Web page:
U.S. immigration authorities made a series of arrests in at least half a dozen states across the country on Thursday and Friday, sweeping up an unknown number of undocumented immigrants, immigration lawyers and advocates said.
The raids, which appeared to target scores of people, including those without criminal records, mark the first largescale episode of immigration enforcement inside the United States since President Trump’s Jan. 26 order to crack down on the estimated 11 million immigrants living here illegally. Immigration lawyers and advocates said some of the enforcement efforts included traffic stops and checkpoints, though Immigration and Customs Enforcement (ICE) officials disputed those accounts, saying the agency does not use checkpoints while engaging in targeted enforcement operations.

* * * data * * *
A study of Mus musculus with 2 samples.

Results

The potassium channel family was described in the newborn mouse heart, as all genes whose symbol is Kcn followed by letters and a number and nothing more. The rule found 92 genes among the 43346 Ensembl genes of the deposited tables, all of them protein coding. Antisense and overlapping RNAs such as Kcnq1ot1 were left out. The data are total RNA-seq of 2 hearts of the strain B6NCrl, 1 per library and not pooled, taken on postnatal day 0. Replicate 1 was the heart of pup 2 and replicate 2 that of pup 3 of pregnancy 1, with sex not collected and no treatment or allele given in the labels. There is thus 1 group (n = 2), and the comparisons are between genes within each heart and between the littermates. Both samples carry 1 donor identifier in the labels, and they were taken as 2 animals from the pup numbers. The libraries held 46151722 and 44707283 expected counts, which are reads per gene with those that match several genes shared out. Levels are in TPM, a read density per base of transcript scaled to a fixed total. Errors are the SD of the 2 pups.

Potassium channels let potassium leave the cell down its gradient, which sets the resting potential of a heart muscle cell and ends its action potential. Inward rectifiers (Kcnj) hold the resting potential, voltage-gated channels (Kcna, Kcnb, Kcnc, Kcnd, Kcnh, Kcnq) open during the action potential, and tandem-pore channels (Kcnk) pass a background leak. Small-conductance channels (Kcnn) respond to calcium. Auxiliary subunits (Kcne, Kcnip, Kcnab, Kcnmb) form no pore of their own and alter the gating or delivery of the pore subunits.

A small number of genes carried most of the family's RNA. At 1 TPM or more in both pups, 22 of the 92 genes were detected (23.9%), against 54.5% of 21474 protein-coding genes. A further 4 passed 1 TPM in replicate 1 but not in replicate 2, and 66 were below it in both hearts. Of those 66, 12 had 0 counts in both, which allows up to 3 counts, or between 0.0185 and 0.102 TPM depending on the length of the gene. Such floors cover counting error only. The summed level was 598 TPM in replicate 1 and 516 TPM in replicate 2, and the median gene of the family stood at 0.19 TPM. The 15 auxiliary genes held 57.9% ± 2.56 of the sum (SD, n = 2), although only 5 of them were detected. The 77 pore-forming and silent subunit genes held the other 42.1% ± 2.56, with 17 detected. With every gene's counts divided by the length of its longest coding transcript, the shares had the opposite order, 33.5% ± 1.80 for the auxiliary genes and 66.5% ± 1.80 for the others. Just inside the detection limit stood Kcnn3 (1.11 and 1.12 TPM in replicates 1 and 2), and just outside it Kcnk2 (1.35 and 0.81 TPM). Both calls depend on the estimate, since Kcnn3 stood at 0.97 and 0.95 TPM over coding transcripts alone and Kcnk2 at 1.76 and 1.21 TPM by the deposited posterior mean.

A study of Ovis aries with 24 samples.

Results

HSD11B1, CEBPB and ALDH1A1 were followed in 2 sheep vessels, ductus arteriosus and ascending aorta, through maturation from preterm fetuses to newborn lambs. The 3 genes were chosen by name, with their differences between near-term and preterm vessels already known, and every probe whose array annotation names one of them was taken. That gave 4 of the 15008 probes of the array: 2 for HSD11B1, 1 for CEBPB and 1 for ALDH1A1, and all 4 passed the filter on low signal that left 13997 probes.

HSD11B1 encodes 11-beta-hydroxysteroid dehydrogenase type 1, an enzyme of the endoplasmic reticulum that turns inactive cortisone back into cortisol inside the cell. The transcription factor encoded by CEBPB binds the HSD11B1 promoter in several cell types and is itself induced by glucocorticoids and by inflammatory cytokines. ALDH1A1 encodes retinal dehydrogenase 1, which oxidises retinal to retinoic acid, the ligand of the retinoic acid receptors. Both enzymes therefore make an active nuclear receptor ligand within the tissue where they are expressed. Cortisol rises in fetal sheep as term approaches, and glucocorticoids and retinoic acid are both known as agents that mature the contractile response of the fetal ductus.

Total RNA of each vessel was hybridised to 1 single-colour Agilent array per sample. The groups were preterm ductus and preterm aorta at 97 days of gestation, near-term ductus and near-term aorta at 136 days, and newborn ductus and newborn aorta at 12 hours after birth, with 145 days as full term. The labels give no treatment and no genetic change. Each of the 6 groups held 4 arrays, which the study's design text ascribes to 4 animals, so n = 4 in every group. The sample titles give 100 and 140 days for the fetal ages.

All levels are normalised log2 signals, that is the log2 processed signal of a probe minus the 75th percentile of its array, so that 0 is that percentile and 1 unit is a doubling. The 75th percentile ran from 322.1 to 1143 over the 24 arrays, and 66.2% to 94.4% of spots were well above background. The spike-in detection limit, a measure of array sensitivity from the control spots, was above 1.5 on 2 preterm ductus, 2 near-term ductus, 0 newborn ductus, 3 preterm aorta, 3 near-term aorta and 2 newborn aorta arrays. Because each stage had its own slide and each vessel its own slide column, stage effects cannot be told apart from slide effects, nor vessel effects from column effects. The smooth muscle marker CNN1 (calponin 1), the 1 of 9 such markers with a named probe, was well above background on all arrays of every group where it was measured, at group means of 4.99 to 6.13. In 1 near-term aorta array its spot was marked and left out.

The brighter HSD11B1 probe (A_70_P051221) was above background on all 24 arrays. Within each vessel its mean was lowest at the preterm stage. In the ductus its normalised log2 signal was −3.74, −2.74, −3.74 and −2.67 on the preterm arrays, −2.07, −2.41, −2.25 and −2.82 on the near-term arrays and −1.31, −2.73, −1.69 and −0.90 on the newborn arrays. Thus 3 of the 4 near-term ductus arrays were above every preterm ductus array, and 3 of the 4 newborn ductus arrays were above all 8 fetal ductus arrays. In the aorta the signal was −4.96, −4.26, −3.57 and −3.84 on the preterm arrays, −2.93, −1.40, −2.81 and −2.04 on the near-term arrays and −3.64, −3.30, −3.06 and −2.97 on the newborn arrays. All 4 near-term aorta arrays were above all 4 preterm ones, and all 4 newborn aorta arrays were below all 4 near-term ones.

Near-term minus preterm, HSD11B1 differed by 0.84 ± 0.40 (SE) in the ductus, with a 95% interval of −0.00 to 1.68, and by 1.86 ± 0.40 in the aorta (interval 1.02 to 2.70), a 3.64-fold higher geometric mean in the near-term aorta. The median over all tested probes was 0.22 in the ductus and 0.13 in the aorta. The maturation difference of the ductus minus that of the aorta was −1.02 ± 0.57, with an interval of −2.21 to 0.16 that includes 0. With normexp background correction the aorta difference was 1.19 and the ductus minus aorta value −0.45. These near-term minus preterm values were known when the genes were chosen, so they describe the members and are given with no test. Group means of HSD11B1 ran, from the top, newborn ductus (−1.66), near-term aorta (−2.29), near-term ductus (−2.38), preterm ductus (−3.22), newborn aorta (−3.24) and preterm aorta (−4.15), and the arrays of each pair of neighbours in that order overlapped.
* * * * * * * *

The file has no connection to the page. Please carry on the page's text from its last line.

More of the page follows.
It also appeared to signal a departure from the Obama administration’s position of prioritizing immigration enforcement against criminals. Trump has pledged to deport up to 3 million undocumented immigrants with criminal records.
Word of the raids quickly circulated among immigrants, activists and on social media, creating such widespread panic in immigrant communities that a Department of Homeland Security spokesperson said the department had decided to take the unprecedented step of confirming some details of the raids while they were ongoing.
Gillian Christensen, a spokesperson for the Department of Homeland Security, which oversees ICE, confirmed that agents this week had raided homes and workplaces in Atlanta, the Los Angeles area and two other cities that she declined to identify, as part of “routine” immigration enforcement actions. ICE does not use the term raids.